What are they like inside?
The Kia Picanto is surprisingly classy inside; all of the switchgear is nicely damped and, although the dashboard plastics are hard, they look smart and feel substantial.
The Hyundai i10’s interior, by contrast, feels like it has cost pennies. Yes, it’s solidly built, but there’s an awful lot of drab, grainy plastic and little design flair.
That’s certainly not a criticism you can level at the Fiat 500. Its dash is painted to match the colour of the car, while mock-Bakelite inserts for the stereo and heater add to the retro charm. It’s just a pity the plastics don’t feel anywhere near as classy as they look.
The 500 is also let down by cluttered instruments that can be tricky to read at a glance. Otherwise, all three cars have straightforward dashboard layouts and simple, well-labelled controls.
Less impressively, each has a steering wheel with no reach adjustment. However, you should still be able to find a comfortable driving position in the Picanto, because the seat has plenty of height adjustment and slides back far enough to accommodate all but the longest legs.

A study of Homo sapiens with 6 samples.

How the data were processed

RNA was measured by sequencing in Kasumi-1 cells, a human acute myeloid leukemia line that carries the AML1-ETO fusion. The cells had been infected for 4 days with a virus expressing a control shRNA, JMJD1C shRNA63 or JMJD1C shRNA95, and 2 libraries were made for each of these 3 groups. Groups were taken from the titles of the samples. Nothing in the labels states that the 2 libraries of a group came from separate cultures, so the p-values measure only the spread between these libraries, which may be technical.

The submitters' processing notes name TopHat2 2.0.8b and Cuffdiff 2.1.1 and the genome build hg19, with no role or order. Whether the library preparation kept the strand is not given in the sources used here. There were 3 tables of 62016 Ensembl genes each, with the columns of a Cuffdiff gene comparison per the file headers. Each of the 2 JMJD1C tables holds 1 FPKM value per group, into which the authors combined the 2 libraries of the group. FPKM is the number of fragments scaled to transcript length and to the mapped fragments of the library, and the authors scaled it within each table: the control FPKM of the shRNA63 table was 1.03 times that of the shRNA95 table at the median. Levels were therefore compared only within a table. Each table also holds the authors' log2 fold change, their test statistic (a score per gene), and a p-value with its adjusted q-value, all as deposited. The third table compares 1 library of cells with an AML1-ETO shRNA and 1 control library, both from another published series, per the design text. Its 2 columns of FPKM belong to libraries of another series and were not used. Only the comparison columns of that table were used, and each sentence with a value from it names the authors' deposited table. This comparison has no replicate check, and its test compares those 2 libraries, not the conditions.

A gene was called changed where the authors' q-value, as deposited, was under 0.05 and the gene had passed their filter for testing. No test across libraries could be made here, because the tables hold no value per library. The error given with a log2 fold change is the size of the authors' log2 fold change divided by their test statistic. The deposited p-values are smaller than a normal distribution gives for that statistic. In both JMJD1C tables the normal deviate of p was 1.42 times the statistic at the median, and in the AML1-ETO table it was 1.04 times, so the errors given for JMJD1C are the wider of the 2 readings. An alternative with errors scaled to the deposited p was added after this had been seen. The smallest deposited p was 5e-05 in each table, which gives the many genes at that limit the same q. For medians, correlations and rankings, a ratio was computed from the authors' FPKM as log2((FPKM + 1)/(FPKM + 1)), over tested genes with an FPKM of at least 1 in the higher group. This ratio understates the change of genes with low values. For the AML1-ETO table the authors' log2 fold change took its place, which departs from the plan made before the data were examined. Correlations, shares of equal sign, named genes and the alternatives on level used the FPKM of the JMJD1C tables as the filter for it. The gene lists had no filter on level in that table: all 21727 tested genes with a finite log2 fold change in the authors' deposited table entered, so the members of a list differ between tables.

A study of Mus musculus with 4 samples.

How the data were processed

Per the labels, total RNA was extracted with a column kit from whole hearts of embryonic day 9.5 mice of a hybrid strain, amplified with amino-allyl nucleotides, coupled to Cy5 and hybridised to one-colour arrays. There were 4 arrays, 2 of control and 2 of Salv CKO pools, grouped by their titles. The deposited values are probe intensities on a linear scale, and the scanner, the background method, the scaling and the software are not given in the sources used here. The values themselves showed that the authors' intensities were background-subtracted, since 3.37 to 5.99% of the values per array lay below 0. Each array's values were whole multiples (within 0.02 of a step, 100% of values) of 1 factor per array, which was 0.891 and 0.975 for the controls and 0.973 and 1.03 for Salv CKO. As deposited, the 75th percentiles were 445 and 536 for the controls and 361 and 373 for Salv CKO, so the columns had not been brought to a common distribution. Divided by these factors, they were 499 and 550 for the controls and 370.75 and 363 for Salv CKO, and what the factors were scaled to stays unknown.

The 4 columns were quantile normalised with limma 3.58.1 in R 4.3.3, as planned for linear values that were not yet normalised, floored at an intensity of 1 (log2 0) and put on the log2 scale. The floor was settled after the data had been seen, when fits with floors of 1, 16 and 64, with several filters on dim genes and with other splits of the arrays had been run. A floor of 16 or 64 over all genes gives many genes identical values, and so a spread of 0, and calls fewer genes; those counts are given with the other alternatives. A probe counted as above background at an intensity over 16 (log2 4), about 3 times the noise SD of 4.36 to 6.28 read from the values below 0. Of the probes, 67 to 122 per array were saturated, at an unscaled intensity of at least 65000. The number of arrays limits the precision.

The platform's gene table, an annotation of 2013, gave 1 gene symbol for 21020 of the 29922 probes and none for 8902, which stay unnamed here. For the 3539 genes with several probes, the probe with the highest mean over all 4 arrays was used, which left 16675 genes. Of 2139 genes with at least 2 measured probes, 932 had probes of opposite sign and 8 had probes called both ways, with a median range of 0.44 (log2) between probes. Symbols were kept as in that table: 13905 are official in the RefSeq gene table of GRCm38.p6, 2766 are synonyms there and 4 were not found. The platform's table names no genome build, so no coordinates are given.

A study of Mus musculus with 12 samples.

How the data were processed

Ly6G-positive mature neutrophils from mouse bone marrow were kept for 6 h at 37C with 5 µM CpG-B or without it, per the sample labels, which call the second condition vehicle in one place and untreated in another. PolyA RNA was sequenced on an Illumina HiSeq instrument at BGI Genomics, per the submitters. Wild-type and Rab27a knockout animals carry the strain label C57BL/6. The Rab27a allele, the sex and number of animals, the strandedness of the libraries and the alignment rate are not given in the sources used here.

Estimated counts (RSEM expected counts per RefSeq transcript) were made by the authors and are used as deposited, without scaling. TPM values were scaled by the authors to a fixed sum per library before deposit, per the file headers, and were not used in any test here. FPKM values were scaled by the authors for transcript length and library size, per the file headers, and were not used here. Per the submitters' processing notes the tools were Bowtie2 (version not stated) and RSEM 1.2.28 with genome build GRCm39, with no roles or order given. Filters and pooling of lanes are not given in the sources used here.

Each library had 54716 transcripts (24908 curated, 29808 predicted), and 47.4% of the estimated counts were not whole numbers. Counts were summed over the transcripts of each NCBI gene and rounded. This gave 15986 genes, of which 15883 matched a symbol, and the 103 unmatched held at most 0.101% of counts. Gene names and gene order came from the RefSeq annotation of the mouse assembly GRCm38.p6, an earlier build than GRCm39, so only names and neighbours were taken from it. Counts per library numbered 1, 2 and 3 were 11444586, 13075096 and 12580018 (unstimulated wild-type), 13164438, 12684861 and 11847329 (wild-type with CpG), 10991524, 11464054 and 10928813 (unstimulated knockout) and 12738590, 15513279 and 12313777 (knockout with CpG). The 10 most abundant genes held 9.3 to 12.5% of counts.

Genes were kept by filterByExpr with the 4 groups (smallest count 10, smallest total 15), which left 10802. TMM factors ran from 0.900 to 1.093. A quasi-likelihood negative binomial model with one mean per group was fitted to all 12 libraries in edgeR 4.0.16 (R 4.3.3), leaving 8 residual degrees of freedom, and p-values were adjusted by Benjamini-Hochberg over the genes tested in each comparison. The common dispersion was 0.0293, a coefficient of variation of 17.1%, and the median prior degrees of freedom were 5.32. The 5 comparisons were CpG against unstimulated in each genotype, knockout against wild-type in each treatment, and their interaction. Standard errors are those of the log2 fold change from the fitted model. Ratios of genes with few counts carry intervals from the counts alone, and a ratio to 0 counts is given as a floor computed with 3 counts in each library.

Things aren’t quite so good in the i10 because you feel like you’re sitting too high, even when the seat is in its lowest setting. The 500 has less travel still – the ratchet lever on its seat base alters only the angle, not the height – and its rest for your clutch foot is uncomfortably high.
It goes without saying that the extra pair of doors on the i10 and Picanto makes access to the rear seats easier. The 500’s front seats tip and slide out of the way, but you still need to be reasonably flexible to manoeuvre yourself inside, and it’s disappointing that the seats don’t return to their original positions afterwards.
Adults will also feel pretty cramped in the back of the 500, whereas its rivals offer decent head and knee room. The i10 is particularly generous, and its rear seats are more supportive and comfortable than those in the Picanto or the 500.
In all three cars, the boot is big enough to swallow a few bags of shopping, plus the i10 and Picanto have rear seats that split and fold 60/40, so you can transport longer loads and carry rear passengers. The 500 isn’t as versatile because its rear seat folds in one piece, unless you spend more and buy the Lounge model.